Mitigating Curing Issues

Process Considerations
Conformal coating protects boards and components from exposure to moisture, dust, and chemicals. If the coating material is not cured properly, shrinkage, orange peel effect, solvent entrapment, or the formation of bubbles can occur – introducing stress to the board. To avoid these failures, it is important to follow the curing practice that best fits your application.

Room Temperature Cure

Room temperature curing is a slow process that can take hours or even days to finalize. In this method, solvent-based coatings sit at room temperature to allow the solvent to evaporate. Heat can be applied to further promote evaporation. It is important to allow the solvent to fully evaporate, otherwise premature curing at the surface can trap the solvent inside the coating. The presence of solvent in the coating prevents crosslinking and final curing of the material. Different solvent compositions in the material can change the evaporation rate. Solvents like Toluene and Xylene evaporate quickly, while others, like Butyl Acetate evaporate at a slower rate.

Drying racks can be used to store coated boards while they cure. Proper ventilation is required for operator health when solvents are evaporating. During the cure process, coating thicknesses reduce as solvent materials leave the board – resulting in a dry coating thickness that is less than the wet coating thickness.

Heat Cure

Heat curing takes less time than room temperature curing. In some instances, heat operates as a primary cure mechanism. Heat can also be used as a secondary mechanism that is paired with another cure method to accelerate the curing process. For example, room temperature curing can be combined with heat curing to speed up the evaporation of solvents. With UV-cure processes, heat can be used to cure the fluid hidden from UV rays. This cure method can be used for both solvent based and 100% solid materials.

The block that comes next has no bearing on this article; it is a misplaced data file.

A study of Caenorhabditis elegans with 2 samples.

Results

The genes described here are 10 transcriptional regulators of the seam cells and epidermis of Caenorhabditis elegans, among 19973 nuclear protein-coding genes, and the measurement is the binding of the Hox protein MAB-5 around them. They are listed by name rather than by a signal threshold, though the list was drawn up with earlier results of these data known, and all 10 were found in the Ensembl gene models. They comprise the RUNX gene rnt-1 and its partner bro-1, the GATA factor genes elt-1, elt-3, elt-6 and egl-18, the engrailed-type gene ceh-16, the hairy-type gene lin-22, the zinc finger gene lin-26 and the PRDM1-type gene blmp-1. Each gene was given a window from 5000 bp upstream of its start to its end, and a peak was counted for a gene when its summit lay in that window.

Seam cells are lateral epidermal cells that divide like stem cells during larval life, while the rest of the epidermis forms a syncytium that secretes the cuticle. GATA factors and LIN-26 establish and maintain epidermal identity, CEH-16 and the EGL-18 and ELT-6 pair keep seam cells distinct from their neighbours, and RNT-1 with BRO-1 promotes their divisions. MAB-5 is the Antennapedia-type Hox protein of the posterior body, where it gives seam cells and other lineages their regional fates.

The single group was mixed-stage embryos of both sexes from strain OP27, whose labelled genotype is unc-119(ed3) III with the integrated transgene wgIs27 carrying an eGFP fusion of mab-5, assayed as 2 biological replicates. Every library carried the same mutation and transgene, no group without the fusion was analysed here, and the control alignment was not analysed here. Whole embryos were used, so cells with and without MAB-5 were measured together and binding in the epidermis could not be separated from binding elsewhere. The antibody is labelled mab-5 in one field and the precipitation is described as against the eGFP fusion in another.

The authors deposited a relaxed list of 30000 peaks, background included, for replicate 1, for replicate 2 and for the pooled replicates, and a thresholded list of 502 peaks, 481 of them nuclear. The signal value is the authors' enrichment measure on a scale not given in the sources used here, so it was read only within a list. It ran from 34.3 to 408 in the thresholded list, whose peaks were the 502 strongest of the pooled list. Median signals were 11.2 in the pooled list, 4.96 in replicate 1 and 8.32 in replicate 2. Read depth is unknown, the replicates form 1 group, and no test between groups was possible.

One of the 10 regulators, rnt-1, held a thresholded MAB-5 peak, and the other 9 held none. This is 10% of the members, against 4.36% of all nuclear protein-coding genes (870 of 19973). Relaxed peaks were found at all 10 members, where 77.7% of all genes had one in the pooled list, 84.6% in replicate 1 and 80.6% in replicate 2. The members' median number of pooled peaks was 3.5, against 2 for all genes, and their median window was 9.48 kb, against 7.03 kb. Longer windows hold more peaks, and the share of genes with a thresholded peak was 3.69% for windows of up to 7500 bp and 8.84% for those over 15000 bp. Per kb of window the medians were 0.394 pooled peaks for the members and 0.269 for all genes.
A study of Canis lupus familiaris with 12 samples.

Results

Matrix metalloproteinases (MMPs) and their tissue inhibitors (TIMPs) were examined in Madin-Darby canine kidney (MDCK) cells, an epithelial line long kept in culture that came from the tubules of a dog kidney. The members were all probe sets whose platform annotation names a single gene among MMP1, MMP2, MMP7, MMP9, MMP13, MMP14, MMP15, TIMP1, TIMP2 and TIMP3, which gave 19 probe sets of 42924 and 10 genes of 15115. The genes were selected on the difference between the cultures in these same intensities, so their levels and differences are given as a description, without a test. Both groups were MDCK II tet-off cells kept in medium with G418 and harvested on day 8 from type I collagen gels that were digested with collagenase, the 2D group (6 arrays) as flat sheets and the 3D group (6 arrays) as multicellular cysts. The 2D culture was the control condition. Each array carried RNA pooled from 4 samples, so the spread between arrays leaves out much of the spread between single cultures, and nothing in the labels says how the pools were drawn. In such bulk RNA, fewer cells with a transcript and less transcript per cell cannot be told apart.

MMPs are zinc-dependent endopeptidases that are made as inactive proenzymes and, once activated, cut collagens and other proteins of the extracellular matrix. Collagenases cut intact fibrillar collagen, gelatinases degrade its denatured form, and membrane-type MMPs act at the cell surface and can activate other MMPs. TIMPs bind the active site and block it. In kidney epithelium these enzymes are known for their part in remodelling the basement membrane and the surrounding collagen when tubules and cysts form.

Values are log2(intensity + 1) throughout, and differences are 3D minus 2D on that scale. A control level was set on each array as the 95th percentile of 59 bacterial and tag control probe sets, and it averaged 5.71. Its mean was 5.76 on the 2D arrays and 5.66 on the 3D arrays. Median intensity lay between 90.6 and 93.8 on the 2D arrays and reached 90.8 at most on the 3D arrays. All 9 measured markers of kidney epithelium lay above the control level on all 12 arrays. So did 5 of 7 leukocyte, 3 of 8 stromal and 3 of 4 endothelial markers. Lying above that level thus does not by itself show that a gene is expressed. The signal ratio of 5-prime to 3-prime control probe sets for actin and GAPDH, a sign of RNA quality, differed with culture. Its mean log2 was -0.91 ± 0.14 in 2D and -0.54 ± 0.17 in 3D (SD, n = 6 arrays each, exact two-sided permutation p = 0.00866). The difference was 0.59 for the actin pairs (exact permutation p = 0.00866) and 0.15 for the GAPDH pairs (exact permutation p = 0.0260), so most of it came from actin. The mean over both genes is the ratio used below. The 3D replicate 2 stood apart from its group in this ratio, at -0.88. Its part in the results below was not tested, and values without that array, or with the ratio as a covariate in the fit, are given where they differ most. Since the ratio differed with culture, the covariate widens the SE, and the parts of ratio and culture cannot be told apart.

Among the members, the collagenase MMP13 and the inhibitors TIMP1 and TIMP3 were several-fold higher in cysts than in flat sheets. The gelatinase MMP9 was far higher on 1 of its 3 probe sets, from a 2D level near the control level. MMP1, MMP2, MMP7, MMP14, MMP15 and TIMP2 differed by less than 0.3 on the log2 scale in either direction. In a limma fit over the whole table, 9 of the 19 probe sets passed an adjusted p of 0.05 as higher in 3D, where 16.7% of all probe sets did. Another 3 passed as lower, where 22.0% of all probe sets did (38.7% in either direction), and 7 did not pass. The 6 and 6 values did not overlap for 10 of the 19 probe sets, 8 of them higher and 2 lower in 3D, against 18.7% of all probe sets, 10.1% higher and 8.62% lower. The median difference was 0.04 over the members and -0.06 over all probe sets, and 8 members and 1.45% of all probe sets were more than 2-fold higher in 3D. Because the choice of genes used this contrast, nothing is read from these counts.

Nordson ASYMTEK offers IR/Convection ovens with programmable heating zones, motorized conveyors, and ventilation. Four different conveyor lengths are available. The system features down-draft ventilation to ventilate Volatile Organic Compounds (VOCs) in a safe manner, and programmable heating zones that allow you to create customized curing profiles to meet fluid manufacturer specifications.

Ultraviolet Cure
Ultraviolet (UV) curing is common with urethane materials. On the light spectrum, UV-A and UV-C lights have different wavelengths – offering surface and deeper penetration curing. Typically, UV curing requires both UV-A and UV-C light to fully cure the coating. UV-A operates at a wavelength of approximately 365 nm. Ultraviolet UV-C light, by comparison, operates at a wavelength of 254 nm. The surface and subsurface of coated boards can be cured using a combination of UV-A and UV-C light.

Curing with UV is limited by light exposure and depth penetration. Areas blocked by taller components (shadowing) and material underneath components require a secondary mechanism to cure because they are not exposed to light. Similarly, thicker coatings with limited UV penetration depend on a secondary cure mechanism – either moisture or heat.

Other parameters affecting UV cure profile include duration, type of light, and intensity. Different light sources also provide different curing results. A Mercury or H bulb is commonly used to cure materials. Iron and LED bulbs are also available alternatives.

Moisture Cure

Moisture curing requires the presence of humidity, and the degree of humidity affects the curing time. Moisture curing occurs at first contact, at the surface, and then progresses inward.  Moisture cure materials require additional consideration during the application process. To reduce material clogging in the fluid system, the use of clean, dry air or nitrogen is recommended for reservoir pressures.